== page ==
At present, Amazon Flex, as the company calls its on-demand delivery, helps get goods to customers in one- or two-hour time frames, but up to now those items have been just the standard common household goods for Prime Now members.

According to Reuters, however, Amazon has been quietly tapping its Flex drivers to deliver Amazon.com orders and not only those for Prime Now in an effort to control more of its own deliveries and cut back on the $11.5 billion it spent in shipping costs last year.

With Flex, Amazon crowdsources contract drivers and they carry packages to customers who use the Prime Now app, which comes with the retailer’s $99-a-year Prime membership. The service is currently available in 14 cities, including Miami, Austin, Atlanta and Las Vegas, with New York, Chicago and Portland next up to get Flex.

Now Amazon has invited those drivers to tap into “new delivery opportunities” the company reportedly wrote in an email to Flex drivers in recent weeks.

“That could be a huge difference for drivers,” according to Reuters. “Prime Now is a relatively niche service with tens of thousands of items, a fraction of the more than 200 million products on Amazon’s main e-commerce site.”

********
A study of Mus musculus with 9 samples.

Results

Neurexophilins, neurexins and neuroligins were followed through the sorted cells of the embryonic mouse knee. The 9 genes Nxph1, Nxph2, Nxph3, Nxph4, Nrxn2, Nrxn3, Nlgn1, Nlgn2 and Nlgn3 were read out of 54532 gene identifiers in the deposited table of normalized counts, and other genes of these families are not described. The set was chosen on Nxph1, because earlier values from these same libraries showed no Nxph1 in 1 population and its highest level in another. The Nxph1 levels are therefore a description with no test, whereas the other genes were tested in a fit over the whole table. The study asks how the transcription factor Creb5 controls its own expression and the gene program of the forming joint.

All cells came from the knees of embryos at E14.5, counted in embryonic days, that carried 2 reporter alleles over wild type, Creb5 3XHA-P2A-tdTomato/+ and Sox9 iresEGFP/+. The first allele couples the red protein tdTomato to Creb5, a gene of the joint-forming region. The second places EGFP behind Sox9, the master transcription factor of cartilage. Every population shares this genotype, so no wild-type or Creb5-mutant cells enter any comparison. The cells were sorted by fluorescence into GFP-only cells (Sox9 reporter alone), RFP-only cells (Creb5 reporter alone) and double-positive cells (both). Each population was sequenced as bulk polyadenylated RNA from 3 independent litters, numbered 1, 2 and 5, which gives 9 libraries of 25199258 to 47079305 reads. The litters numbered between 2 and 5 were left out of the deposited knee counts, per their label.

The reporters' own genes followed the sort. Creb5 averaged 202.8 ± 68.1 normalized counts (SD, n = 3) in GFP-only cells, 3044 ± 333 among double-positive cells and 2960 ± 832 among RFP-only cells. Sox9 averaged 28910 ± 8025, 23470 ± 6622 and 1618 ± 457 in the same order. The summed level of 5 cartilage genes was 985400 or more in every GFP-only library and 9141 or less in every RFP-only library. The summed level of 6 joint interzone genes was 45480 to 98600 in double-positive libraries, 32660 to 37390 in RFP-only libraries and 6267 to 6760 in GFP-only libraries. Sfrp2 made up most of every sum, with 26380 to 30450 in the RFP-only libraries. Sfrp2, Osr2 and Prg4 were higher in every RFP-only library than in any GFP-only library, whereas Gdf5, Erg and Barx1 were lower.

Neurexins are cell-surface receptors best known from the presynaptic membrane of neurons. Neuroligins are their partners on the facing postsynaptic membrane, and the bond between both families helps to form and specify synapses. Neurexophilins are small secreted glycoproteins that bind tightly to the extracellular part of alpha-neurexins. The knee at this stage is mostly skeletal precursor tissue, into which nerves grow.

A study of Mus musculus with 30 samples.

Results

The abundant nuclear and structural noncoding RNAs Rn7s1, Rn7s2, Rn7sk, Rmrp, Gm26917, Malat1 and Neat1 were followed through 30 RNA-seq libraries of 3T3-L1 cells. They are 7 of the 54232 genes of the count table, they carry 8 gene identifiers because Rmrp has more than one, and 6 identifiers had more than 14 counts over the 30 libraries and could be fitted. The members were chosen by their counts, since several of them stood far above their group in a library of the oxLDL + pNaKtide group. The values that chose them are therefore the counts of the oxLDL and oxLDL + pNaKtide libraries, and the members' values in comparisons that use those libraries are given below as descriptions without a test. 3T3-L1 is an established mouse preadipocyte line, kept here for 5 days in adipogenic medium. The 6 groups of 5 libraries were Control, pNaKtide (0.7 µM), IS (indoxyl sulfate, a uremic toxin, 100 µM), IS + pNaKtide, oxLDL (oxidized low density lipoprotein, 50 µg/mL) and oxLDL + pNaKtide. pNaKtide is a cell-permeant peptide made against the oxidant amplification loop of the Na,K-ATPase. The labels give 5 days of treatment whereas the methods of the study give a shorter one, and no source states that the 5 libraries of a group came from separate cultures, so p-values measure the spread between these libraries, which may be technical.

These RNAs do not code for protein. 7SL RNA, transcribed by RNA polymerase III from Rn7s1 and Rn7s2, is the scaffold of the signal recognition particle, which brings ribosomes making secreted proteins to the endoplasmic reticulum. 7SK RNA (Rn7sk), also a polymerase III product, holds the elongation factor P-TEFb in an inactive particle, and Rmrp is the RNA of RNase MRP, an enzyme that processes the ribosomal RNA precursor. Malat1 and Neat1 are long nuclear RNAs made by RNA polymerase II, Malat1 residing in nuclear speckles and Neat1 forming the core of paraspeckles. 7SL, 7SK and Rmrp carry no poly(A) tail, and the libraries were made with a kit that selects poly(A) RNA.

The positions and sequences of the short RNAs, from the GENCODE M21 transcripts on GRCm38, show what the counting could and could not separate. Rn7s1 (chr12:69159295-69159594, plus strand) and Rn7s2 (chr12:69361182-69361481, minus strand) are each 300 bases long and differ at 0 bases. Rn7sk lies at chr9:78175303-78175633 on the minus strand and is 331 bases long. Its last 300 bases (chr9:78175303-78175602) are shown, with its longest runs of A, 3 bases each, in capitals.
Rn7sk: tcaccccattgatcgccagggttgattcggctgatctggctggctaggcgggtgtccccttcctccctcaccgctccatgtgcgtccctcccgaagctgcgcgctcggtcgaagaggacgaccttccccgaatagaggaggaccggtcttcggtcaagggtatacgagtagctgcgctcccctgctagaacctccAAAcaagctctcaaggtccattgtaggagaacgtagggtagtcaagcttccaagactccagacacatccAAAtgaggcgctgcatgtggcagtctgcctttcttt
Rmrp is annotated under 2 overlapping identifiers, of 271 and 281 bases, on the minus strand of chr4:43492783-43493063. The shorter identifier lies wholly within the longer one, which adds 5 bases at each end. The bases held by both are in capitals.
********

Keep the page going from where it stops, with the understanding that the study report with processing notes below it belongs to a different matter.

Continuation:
Amazon has been expanding its efforts to gain greater control over its own logistics and to speed deliveries. In the last several months, Amazon purchased thousands of semi-trucks to dispatch its own fleet of delivery trucks, and its China arm applied to become an ocean freight forwarder, meaning it would ship its own goods from China to the U.S. The company continues to toy with the idea of drone deliveries, too.

Using Flex drivers for its regular deliveries could help Amazon cut costs in way out areas where the smaller regional couriers that cart those packages can charge as much as 35 percent of the shipping cost for their services, Rob Howard, chief executive of logistics company Grand Junction, told Reuters.

“This is a huge competitive advantage for Amazon,” he said. “It’s not a death sentence yet for local carriers but it’s a new path.”